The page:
Coping with Juvenile Arthritis During the COVID-19 Pandemic

Coping with Juvenile Arthritis During the COVID-19 Pandemic

As COVID-19 spreads rampantly, everyone is urged to wash their hands and socially distance themselves in an attempt to protect the most vulnerable. We’ve all been told that those who are elderly and immunocompromised are most at risk. Visiting my parents recently, they let me know how worried they are for me due to my autoimmune disease, juvenile-onset arthritis. But I’m far more concerned for them because of their ages and underlying medical conditions!

Right now, we’re all concerned for our loved ones — so much so that we may forget our personal health risks. But parents, please remember to put on your oxygen masks first.

Safety is No. 1

Naturally, your child is your first priority. You need to learn the best measures to take for your child’s safety. Juvenile arthritis is a disease that affects the immune system and makes it attack the body, and many kids are treated with medicines that suppress the immune system to keep it from attacking joints and tissues.

Even though this is a scary time for people with weakened immune systems, many doctors are recommending their patients stay on DMARDs and biologic therapy, and only recommend discontinuing if you have symptoms of an infection. It may seem like a confusing thing to do, but for many, preventing a flare and keeping the immune system in check is the best thing to do right now. That said, it’s important to chat with your child’s doctor over the phone to discuss what they feel is best.

Regardless of whether your child stays on their treatment or not, it’s important to protect them. That may mean transitioning to homeschool, limiting contact with the outside world, and taking extra precautions when you do need to leave the house. Anything you can do to help them avoid illness is key right now.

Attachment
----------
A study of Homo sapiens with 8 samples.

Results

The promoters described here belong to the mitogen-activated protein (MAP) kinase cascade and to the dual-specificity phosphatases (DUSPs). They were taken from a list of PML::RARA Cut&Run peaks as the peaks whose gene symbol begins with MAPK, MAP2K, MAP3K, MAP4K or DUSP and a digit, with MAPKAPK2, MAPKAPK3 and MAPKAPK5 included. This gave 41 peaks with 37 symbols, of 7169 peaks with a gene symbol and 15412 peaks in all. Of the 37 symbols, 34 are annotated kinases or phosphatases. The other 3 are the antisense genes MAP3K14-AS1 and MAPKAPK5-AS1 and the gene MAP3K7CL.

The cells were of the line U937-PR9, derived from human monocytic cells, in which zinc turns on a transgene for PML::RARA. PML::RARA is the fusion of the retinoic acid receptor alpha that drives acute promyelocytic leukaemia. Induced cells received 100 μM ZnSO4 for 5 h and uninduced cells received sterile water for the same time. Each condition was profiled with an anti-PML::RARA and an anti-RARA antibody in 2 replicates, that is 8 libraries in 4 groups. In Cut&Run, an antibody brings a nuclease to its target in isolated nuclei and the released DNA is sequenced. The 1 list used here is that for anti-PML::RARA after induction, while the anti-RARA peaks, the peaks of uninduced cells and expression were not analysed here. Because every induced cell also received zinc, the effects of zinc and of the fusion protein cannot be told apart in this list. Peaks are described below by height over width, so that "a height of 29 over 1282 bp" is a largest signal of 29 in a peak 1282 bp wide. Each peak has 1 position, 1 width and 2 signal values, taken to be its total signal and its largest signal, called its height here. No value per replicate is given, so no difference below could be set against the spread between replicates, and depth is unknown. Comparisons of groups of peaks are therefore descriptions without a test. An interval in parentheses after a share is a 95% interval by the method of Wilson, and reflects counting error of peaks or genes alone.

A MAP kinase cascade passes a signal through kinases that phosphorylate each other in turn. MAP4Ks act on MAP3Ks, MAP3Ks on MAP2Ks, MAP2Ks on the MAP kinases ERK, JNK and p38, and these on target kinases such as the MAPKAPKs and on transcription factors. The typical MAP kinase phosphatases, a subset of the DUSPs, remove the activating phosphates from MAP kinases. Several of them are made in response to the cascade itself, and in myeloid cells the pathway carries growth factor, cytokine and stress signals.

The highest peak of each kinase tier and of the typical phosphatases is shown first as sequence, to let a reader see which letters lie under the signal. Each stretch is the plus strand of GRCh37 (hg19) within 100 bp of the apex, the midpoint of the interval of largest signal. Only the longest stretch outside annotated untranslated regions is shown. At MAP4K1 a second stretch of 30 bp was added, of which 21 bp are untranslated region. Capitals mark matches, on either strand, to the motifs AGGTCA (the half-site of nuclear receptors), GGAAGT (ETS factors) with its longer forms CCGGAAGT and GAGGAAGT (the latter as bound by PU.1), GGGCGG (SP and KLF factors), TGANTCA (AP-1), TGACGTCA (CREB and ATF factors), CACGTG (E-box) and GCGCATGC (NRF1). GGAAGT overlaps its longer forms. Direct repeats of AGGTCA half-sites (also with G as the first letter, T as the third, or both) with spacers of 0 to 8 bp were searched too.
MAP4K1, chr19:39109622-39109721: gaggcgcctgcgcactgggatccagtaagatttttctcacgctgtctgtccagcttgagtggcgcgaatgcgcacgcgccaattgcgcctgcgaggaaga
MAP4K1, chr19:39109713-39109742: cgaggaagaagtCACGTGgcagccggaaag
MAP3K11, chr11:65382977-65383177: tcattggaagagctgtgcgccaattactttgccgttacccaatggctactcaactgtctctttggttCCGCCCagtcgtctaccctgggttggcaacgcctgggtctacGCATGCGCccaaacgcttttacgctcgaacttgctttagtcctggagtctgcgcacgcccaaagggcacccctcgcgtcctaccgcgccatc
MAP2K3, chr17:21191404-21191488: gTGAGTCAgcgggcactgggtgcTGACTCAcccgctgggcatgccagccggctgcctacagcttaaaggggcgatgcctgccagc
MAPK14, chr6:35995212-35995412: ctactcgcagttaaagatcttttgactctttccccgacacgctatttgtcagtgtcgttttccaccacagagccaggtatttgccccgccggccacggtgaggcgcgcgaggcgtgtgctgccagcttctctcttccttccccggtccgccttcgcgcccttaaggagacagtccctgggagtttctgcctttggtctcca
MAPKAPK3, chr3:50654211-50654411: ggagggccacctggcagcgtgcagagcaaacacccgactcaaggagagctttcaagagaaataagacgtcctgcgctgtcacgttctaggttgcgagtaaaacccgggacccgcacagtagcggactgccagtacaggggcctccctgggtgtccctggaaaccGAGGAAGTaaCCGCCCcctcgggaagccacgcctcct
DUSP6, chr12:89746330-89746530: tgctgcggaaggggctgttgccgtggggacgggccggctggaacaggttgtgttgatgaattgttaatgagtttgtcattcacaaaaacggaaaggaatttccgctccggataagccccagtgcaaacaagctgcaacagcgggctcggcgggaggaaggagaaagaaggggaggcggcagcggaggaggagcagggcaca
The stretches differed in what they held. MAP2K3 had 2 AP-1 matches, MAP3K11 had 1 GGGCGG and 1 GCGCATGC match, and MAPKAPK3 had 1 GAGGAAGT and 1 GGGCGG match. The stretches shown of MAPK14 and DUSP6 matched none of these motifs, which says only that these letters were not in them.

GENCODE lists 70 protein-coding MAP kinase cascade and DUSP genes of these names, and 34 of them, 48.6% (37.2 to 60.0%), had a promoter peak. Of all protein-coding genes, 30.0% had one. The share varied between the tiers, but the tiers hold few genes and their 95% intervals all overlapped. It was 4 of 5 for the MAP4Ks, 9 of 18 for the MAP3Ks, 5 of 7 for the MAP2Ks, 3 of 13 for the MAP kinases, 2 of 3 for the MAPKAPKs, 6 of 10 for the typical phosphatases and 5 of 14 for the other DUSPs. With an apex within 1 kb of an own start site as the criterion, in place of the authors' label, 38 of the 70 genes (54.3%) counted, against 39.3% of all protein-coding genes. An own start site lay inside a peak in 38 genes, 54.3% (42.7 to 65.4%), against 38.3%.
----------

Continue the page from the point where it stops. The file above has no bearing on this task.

Parent self-care

You may fear endlessly for your child, but remember to take good care of yourself, too. Do you have enough medications to last a few weeks? Did you stock up on your favorite snacks and coffee creamer? Did you allow yourself a moment to breathe today? Allow yourself whatever it takes to get through this.

As important as your physical health is, try to care for your mental health, too. Put down your phone and turn off the news. Stressing out won’t do you any good: Stress lowers the immune system. Your child also can sense your stress, and that won’t help them. Distract yourself from the news when you need a break. Spend time with loved ones, exercise, read, meditate, or dive into a favorite hobby.

Remember, spring is coming. I’ve been stuck at home during many blizzards, but this is different. The fresh air may do us good. Sit outdoors, take in some vitamin D, and breathe in the crisp air. On some recent walks, being in nature and seeing the flowers bloom has given me comfort. It helped me to remember that the world is still turning.

You are not alone in this

We all play a role in stopping the spread of COVID-19. For some of us, these measures are vital in protecting our loved ones and ourselves. During this time, don’t hesitate to reach out to loved ones and neighbors. Many people understand the severity of what’s going on and want to help. Having someone to help grab groceries or prescriptions while you stay at home with your child can be a huge help.

And don’t forget, there’s a massive community on social media who understands what you’re going through. You can find me on Instagram (@girlwitharthritis) or Facebook. Using hashtags such as #kidsgetarthritistoo, #juvenilearthritis, and #juvenilearthritiswarrior can help connect you to other JA families, too. Having a virtual community by your side can make this time of social distancing a lot less lonely.


Elizabeth Medeiros is a young adult who has dealt with juvenile arthritis since she was a small child. However, her pain hasn’t stopped her from working on a product design degree in Boston. Her passion is to create products that make life easier for the chronically ill, such as shoes and walking canes. When she’s not in class, Elizabeth enjoys writing about how she’s coped with arthritis at such a young age. You can find more of her writings at ArthritisGirl.Blogspot.com and on Instagram @GirlWithArthritis.